It’s finally a done deal: CIT Group Inc. in Livingston, N.J. announced Monday it has completed its acquisition of Pasadena’s OneWest Bank for about $3.4 billion in cash and stock.

The deal received approval from regulators on July 21, almost exactly one year after it was first announced – and despite substantial opposition to the deal from several community groups, most notably San Francisco’s California Reinvestment Coalition.

CIT currently specializes in commercial lending and leasing. As part of the deal CIT’s banking unit, CIT Bank, will merge into OneWest’s retail bank, creating by far the largest bank headquartered in Los Angeles county, with more than $65 billion in assets.

Under the terms of the deal, current shareholders in OneWest’s parent company, IMB Holdco, will receive about $1.9 billion in cash and nearly 31 million shares of CIT stock, which currently trades at about $47 a share. They will also receive about 168,000 CIT restricted stock units.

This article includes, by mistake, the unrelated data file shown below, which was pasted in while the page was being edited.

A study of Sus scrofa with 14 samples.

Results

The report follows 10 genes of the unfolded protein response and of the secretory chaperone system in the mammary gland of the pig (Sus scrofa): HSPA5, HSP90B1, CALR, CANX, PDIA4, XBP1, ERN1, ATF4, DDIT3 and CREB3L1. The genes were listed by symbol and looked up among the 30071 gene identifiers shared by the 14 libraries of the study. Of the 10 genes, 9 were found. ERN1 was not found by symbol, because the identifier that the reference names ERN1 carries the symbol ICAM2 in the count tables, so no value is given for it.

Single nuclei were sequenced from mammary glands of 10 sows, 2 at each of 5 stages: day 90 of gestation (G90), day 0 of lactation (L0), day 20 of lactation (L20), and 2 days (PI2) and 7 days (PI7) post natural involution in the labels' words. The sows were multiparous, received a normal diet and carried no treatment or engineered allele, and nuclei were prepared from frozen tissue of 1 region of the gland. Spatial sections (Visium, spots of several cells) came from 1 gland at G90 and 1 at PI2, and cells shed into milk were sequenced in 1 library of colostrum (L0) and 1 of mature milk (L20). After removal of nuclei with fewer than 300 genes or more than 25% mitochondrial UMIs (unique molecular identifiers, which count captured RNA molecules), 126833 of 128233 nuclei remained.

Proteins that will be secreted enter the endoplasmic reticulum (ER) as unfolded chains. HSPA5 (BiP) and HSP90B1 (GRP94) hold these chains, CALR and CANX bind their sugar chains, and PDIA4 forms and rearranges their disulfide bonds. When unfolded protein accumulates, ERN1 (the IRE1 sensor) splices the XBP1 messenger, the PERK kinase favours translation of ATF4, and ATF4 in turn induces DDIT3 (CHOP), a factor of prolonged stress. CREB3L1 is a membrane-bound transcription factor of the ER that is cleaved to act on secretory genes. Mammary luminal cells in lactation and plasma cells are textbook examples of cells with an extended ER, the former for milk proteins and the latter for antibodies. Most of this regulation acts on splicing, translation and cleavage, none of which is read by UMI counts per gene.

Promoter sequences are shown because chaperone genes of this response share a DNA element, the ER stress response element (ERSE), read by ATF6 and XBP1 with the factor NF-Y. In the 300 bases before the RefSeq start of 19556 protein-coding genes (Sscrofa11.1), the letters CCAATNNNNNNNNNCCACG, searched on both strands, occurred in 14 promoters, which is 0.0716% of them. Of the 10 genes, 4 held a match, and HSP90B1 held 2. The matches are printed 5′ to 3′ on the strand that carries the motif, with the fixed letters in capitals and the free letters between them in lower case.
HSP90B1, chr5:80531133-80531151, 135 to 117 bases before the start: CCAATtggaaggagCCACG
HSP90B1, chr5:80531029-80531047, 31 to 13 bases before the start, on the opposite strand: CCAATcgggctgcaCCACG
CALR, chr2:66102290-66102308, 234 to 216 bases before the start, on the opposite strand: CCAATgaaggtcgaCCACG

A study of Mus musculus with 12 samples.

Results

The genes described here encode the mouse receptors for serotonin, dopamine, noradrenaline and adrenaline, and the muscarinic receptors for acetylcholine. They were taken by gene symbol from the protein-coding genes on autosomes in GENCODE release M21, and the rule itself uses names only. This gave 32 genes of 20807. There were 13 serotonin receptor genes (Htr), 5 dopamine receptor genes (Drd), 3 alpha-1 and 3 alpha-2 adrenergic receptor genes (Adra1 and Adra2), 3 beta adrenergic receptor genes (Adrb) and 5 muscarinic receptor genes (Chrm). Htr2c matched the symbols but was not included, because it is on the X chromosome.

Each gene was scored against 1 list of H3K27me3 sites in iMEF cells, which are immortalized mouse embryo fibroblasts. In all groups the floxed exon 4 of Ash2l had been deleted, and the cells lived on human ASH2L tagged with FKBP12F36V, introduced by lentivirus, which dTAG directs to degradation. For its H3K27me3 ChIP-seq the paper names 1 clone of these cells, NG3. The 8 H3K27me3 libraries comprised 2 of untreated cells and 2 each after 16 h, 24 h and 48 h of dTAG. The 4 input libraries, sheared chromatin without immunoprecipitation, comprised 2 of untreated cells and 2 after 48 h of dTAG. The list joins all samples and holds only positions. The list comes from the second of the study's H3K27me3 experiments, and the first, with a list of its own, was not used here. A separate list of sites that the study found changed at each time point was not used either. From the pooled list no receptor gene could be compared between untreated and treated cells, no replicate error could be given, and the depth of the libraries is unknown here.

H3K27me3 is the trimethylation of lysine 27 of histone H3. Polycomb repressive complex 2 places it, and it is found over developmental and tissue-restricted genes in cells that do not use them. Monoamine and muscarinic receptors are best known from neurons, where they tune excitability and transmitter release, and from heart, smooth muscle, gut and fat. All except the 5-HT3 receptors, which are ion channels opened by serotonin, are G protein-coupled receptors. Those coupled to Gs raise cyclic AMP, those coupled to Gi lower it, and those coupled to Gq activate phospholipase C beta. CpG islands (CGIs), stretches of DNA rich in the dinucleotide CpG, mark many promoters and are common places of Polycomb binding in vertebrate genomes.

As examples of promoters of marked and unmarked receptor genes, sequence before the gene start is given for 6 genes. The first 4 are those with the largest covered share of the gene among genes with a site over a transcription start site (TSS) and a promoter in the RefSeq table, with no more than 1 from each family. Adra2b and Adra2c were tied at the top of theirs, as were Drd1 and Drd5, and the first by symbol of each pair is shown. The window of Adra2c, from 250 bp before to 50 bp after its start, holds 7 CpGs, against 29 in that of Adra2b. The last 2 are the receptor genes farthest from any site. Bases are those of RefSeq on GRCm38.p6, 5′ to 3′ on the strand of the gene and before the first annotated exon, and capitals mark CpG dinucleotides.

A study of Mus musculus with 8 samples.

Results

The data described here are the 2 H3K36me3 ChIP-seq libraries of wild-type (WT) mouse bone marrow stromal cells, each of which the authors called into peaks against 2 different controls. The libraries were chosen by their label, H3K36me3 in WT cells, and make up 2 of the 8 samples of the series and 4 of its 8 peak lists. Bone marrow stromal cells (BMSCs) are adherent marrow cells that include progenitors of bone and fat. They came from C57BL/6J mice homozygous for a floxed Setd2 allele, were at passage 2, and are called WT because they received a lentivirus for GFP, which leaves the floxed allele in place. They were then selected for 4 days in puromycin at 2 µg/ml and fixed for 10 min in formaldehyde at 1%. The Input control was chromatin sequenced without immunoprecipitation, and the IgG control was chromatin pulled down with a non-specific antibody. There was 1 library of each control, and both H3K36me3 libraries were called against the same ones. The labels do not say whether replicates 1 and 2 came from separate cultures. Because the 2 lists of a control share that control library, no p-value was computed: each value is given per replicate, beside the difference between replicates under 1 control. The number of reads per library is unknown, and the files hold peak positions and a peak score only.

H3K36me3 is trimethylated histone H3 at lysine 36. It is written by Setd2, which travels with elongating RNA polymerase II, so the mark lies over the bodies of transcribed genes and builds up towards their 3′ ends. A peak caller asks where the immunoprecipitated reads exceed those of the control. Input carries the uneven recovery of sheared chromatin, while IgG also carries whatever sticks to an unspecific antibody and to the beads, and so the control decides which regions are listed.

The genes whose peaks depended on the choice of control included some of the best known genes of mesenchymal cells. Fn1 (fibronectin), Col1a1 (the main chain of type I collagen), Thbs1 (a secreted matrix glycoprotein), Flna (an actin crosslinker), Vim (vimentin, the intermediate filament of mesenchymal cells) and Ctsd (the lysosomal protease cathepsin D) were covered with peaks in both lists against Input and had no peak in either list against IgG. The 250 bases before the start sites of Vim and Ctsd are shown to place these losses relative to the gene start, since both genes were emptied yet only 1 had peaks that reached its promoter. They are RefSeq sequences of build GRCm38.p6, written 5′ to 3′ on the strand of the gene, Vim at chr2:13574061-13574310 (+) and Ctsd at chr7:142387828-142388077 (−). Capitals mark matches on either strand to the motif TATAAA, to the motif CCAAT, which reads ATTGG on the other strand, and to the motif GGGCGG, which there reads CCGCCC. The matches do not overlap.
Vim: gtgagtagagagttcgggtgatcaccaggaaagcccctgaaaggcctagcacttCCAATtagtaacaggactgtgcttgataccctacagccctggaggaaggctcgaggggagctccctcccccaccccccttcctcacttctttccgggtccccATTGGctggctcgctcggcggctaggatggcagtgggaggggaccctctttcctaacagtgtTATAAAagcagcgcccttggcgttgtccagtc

It’s a huge financial win for OneWest’s backers, who include hedge funder managers Steven Mnuchin and George Soros. They formed OneWest out of the wreckage of failed mortgage lender IndyMac Bank and benefited from an agreement with the Federal Deposit Insurance Corp. under which the government agency absorbed much of the losses on the institution’s bad debt.

The investors have already pulled more than $2 billion in dividends from the bank, and stand to reap another windfall as a result of the acquisition by CIT.

CIT also benefited from a financial crisis-era sweetener: it received $2.3 billion as part of the Troubled Asset Relief Program and failed to pay it back before it went bankrupt.